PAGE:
I don’t often do “revisit” posts unless something goes REALLY haywire with a place. Day-to-day stuff I post on Instagram and the bigger, more important, or newsworthy stuff I post here. My second visit to Sen Pad Thai resulted in more thoughts about this place — too much to cram into an Instagram post — so I put it up here. Enjoy.
It was sunny and I saw they had “real fruit” Kalamansi Slushies! But at $9 it felt a bit rich for my blood, even though there’s real kalamansi in it. $9 is better-be-booze territory for me 😉
My lunch partner and I put in our orders and HE got the lucky number 88! Arg!
A word about the ordering: they don’t ask if you want any customized spice level, and seem to be cooking everything mild by default. But I have a nagging feeling that there’s a missing flavour and aroma element if the spicy component isn’t actually cooked into the food. I will have to remember to order medium (or hot) next time…
This wasn’t here during my first visit, but was a welcome sight. I am finding that the food here does need a certain amount of customization to suit your taste.
The Prik Nam Som (chili vinegar) has a bit of sweetness, which totally helped balance some of the dishes we ordered.
Prik Nam Pla (seasoned fish sauce) is similar to Vietnamese nuoc cham (but don’t tell anybody).
Blue Tongue Chili for a bit of heat.
Pok Pok Som Apple Soda ($4). Mix well. It’s apple with a bit of funk and more than a bit of acetic tartness.
Pad Pu Sen Chan ($15), special pad thai with crab meat. I’ve had the basic pad thai, the northern-style pad thai with pork belly, and now this pad thai with crab. They’re all quite different. This one uses thinner noodles, has an orangey colour, and is a bit sweeter than the other pad thais. Technically, most everything has been great (good wok hei, etc) but flavour balance is an issue.
You get a couple piles of crab meat on top. There was also a bit of crab meat throughout, but not what I’d describe as “a lot”. But understandable because Oceanwise™ crab is an expensive ingredient. But the clumpiness of the noodles, the overall sweetness (reminiscent of bad pad thai that uses ketchup), and lack of depth or oomph make this a “wouldn’t order again” type dish. Funny how other Instagrammers have said that this crab pad thai is quite spicy. This one had zero heat. If a new restaurant hosts a bunch of bloggers and Instagrammers and cooks the food in a certain way (ie. spicy), people who show up later are gonna expect spicy. And when it arrives not spicy, that’s rug-pull on their most ardent customers. I’m all for transparency and consistency. If Sen Pad Thai decided to change up the spice level because of the blogger/Instagrammer feedback, they might want to at least ask customers when they order about the spice level to make it clear and predictable.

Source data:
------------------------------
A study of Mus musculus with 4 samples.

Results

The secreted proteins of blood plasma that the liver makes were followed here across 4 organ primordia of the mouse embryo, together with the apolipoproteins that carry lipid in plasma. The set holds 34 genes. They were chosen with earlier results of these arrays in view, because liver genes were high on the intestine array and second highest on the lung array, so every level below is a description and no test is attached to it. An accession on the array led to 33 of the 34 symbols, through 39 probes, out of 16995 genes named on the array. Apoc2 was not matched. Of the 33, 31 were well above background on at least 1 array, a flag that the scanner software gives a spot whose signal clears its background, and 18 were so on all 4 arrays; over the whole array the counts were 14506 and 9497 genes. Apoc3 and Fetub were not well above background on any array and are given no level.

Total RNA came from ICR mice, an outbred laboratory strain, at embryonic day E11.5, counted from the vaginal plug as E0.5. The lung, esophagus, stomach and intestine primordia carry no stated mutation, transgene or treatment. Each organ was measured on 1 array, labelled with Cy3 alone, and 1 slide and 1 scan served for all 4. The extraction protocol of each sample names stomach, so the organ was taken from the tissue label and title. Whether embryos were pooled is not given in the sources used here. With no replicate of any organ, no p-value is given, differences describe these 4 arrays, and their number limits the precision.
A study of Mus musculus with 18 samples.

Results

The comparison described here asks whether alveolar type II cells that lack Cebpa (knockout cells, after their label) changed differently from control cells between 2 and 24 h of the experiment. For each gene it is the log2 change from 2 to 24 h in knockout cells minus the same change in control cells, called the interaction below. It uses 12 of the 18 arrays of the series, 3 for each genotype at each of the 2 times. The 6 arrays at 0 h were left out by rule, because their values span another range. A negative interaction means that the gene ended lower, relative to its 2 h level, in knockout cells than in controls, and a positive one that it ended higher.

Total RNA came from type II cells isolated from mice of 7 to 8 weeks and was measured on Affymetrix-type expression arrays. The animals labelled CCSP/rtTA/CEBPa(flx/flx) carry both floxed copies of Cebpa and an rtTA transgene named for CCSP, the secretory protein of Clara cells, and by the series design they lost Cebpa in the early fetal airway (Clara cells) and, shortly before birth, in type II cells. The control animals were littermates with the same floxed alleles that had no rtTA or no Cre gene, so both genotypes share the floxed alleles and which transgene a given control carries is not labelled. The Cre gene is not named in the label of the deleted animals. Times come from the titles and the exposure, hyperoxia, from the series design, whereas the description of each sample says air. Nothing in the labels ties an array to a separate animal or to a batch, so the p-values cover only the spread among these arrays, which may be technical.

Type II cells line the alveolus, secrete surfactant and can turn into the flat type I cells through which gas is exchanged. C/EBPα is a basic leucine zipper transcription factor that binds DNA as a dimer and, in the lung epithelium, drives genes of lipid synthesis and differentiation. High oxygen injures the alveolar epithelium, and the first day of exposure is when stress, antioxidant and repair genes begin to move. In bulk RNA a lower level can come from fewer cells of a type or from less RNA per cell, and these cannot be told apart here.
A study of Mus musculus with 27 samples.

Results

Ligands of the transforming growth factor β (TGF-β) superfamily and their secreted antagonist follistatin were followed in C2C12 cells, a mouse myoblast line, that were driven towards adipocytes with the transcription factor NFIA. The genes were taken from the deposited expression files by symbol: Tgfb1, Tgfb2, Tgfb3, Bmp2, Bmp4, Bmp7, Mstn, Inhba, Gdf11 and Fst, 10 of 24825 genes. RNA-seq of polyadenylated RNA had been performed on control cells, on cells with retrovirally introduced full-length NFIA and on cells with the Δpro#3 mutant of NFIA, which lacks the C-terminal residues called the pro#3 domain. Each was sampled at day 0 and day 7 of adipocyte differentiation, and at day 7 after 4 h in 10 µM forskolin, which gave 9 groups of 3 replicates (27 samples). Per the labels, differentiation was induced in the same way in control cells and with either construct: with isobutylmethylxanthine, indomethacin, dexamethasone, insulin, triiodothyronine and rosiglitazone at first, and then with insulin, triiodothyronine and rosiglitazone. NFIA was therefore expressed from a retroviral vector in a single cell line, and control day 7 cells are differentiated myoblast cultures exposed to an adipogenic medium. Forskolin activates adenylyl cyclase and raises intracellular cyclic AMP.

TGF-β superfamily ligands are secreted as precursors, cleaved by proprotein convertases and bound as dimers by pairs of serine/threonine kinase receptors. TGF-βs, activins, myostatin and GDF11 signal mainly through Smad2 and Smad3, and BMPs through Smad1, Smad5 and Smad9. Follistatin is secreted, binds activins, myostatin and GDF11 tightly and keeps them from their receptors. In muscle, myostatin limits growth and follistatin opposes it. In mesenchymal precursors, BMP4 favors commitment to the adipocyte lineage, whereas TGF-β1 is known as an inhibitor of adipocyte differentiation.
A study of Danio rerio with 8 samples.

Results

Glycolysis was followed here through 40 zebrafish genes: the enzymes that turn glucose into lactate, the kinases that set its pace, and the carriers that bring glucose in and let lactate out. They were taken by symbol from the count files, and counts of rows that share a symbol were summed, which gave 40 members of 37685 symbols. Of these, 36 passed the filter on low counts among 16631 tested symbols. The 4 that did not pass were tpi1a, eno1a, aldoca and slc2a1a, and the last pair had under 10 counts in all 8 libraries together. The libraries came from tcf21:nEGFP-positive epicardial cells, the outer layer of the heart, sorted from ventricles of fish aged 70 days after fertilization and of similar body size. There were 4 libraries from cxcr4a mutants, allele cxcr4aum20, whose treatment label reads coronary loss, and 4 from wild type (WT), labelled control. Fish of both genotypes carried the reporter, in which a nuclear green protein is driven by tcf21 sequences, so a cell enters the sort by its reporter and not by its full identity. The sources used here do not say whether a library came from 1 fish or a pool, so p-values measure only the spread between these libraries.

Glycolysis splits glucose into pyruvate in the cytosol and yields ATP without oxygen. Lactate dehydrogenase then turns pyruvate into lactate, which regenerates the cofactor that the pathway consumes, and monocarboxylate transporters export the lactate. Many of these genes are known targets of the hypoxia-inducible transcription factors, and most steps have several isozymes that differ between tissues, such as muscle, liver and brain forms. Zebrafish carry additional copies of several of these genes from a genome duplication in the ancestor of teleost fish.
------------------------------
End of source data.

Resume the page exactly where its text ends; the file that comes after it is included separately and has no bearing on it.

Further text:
This sweet pad thai may very well be an authentic and specific kind of pad thai. But everything I’ve learned here is that the Canadianized ketchupy pad thai is an abomination that cooks had to come up with because they didn’t have access to tamarind. Having tasted this version, I prefer the tamarind-flavoured pad thai better.
Pad Ga Pao Beef ($13), holy basil beef over rice. Finally, I get my holy basil stir fry! Having that ground beef texture with rice is such a nostalgic thing for me — any ground meat eaten with rice is comfort food for Asians (I think…Taiwanese meat sauce on rice, anyone? ).
One of the few visible holy basil leaves in the dish. I really wanted a fistful of holy basil. I wanted it to punch me in the face (probably what AA wants to do to me right now). I realize that Thai holy basil is expensive, but when Thai Basil on Thurlow and Davie used to do Thai holy basil dishes like this, it was heady magical deliciousness.
The overall flavour of this one was too salty, so I added the chili vinegar to balance it out with sweetness and acid. It’s a near knockout. Same as with the regular pad thai here (which is too tamarind-forward without enough balancing sweetness or saltiness), this dish was a bit off-kilter. I think the staff need to taste more (if they aren’t already). I could tell from the first bite it was delicious but a bit off. I expect more from…well…the pedigree in question here.
Pad Siew Pork ($12), fresh rice sheets stir fried with pork (specifically ground pork). I think menus should specify “ground pork” when it’s pork, just to avoid any surprises. Not that getting ground pork is a disappointment, just to make things clearer. The pad siew with beef at sister restaurant Longtail Kitchen uses sliced beef, so you can see why someone would assume sliced pork would be used in this one also.
Aside from that menu description issue, this was an awesome dish. It tasted good on its own, and tasted great with the addition of the recommended chili vinegar sauce.
The star are the “fresh rice sheets”, which are similar to Chinese rice noodles (chow fun), except a fresh, stretchy, eerily translucent version. Visually it looks way overcooked, but did not taste overcooked at all. Such a textural delight (cliché alert!). Would order again. Would try the beef version. Would try the Pad Ki Mao dishes that use the same rice noodles. The best dish we tried.
Even with the unbalanced flavours with some of the dishes at Sen Pad Thai, I still think it’s a great place to have in Vancouver, and especially Granville Island. They just need some tweaks and a little more attention paid to the details.